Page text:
September 08, 2022

Wildfire Smoke Alert for Western Washington and the Portland Area

Western Washington has avoided serious smoke throughout most of the summer, but that is going to change tomorrow, as hazy skies, red suns, and degraded air quality move west of the Cascade crest.

The current visible satellite image shows a substantial plume of smoke moving southeastward from a collection of fires over the north Washington Cascades (I put on an arrow indicating the plume)

Right now, eastern Washington is getting smoked up, but later today the weather pattern will change, with easterly (from the east) flow moving into Washington State.  As a result, the smoke plume will rotate and head southwestward towards Puget Sound.

Let me now show you the smoke prediction from the NOAA HRRR smoke model.

I will first present the vertically integrated smoke prediction, essentially summing up the smoke in a vertical column of air.  Smoke at the surface will be less.  But this is a good measure of how smoky the sky will appear.

At 5 PM today, most of the smoke will be east of the Cascade crest.

But by 4 AM tomorrow (Friday) morning, smoke pushes over Seattle and the central WA coast.   Many will awaken to a smoky sky.

And by 11 AM, the miasma will spread to the southwest WA coast and the northern Willamette Valley.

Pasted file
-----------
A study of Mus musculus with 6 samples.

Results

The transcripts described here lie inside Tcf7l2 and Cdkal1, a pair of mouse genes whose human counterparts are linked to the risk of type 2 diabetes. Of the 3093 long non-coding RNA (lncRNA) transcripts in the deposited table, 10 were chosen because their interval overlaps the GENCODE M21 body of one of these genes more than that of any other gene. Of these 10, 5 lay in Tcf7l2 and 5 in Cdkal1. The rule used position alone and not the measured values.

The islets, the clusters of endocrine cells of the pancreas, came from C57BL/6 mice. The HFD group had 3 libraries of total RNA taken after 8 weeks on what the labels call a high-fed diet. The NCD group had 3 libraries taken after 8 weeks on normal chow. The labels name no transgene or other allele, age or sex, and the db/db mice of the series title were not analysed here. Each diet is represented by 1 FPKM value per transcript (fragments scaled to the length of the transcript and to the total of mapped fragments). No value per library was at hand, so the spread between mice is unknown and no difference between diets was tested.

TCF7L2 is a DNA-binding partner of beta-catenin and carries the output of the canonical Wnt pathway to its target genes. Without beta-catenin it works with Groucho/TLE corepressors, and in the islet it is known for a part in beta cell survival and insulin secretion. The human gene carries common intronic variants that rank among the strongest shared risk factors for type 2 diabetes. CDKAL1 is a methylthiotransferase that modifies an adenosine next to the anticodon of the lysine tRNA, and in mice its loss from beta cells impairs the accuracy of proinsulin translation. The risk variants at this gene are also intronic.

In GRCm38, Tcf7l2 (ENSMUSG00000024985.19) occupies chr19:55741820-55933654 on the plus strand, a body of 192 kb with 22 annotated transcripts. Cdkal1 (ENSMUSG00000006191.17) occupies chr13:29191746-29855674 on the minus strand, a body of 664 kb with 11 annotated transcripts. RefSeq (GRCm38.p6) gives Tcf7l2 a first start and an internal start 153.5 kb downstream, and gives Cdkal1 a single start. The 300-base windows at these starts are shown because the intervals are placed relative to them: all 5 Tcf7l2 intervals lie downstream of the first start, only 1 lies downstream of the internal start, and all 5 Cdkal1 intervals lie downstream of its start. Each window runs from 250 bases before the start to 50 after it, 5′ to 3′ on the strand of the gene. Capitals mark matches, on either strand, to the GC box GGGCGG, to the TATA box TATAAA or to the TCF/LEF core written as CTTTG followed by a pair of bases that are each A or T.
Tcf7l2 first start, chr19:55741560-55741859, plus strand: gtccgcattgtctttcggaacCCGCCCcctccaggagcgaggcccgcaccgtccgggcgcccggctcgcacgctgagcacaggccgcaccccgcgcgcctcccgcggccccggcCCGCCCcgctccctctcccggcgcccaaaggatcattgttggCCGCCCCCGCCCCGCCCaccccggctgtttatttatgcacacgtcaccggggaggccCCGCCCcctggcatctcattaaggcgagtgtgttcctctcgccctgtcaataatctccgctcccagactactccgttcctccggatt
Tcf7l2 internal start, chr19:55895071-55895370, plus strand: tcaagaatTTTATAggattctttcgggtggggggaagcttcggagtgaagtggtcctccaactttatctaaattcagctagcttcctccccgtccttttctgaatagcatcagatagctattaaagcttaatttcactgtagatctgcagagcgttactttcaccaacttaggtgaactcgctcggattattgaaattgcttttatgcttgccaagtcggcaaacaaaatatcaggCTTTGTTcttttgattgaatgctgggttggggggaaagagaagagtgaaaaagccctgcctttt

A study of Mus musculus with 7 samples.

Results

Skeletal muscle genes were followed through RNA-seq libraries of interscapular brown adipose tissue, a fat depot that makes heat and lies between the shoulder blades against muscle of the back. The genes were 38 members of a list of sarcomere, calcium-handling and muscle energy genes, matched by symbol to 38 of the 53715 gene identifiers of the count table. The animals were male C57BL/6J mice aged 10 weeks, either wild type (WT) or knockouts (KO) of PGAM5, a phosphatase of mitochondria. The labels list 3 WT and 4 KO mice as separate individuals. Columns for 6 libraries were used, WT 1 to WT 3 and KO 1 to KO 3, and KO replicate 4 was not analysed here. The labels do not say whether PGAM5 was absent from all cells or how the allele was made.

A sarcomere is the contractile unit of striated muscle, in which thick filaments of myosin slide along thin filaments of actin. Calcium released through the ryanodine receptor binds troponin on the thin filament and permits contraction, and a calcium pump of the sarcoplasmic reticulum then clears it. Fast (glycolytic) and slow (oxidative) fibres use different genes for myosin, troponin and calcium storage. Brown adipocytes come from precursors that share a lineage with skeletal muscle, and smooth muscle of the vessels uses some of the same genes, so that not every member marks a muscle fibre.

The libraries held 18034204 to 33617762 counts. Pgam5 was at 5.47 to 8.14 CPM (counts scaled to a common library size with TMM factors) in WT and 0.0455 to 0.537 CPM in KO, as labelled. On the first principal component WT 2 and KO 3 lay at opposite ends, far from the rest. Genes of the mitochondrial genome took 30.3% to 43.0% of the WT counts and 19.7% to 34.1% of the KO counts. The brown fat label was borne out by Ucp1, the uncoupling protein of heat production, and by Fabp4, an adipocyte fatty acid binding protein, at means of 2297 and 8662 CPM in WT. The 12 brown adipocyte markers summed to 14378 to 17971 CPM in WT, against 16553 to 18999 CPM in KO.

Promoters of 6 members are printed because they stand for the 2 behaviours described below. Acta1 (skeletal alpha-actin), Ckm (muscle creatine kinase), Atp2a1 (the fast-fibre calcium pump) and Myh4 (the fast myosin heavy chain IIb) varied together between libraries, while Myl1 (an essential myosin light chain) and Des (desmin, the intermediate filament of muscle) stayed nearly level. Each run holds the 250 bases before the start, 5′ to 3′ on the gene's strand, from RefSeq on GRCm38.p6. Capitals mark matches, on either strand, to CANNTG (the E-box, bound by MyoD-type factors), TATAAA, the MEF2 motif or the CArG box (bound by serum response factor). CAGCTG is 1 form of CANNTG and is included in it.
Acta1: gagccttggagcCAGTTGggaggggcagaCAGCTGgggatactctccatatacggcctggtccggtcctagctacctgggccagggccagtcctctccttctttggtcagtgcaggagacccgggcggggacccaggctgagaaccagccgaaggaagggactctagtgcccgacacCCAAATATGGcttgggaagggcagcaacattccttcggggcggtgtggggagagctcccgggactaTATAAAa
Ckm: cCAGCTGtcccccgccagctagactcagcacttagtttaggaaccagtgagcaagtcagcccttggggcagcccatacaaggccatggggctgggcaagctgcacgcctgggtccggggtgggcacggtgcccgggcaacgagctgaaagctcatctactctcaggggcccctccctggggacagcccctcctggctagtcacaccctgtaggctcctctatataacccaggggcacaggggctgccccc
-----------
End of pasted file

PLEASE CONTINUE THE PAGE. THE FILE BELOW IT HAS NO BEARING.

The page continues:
So hazy skies are a given, but what about poor air quality at the surface?  This can be determined from near-surface smoke predicted by the HRRR-smoke model.

At 4 AM tomorrow morning, surface smoke will have spread over the western slopes of the Cascades.

And by 2 PM Friday, smoke will have surfaced over much of northwest Oregon, central Puget Sound, and southwest Washington. 

A saving grace for Seattle will be the low-level northerly flow from northwest Washington that will be relatively clean.  The smoky air will ride over it.

The smoke will be in place for most of Saturday as well, with increased low-level smoke on Sunday morning (3AM shown below).

If you are sensitive to wildfire smoke, this is the time to prepare.  All our COVID preparations can be used to lessen smoke exposure.    If you have an air filter machine, you can run it in a small room to clean the air.  You can wear an N95 respirator mask.  If you have a box fan, tape a good furnace filter to it and use it in a small room.   

By later Sunday, the smoke situation should improve.  An unknown is whether new fires will be started on the west side of the Cascades during the next two days--and that will be up to all of you.


  1. Cliff, i read online the gfs model will be getting a big upgrade this fall according to noaa can you give any additional info?

  2. Great info, but hard to parse all this, Cliff. Any chance you can just tell me where there will be the least smoke for me to go hiking this weekend? N. Cascades, Central Cascades, or Olympics? Thanks!

    1. This is a good tool -

  3. We've been lucky to not have to think about wildfire smoke until now. Thanks for the detailed forecast!

  4. Tomorrow (Saturday), what will the *top* elevation of the smoke be? Will it settle low enough such that one could get above it in the mountains? That has been the case during some previous events like this. If so, can the forecast tell us how high (elevation-wise) we will need to get?


Please make sure your comments are civil. Name calling and personal attacks are not appropriate.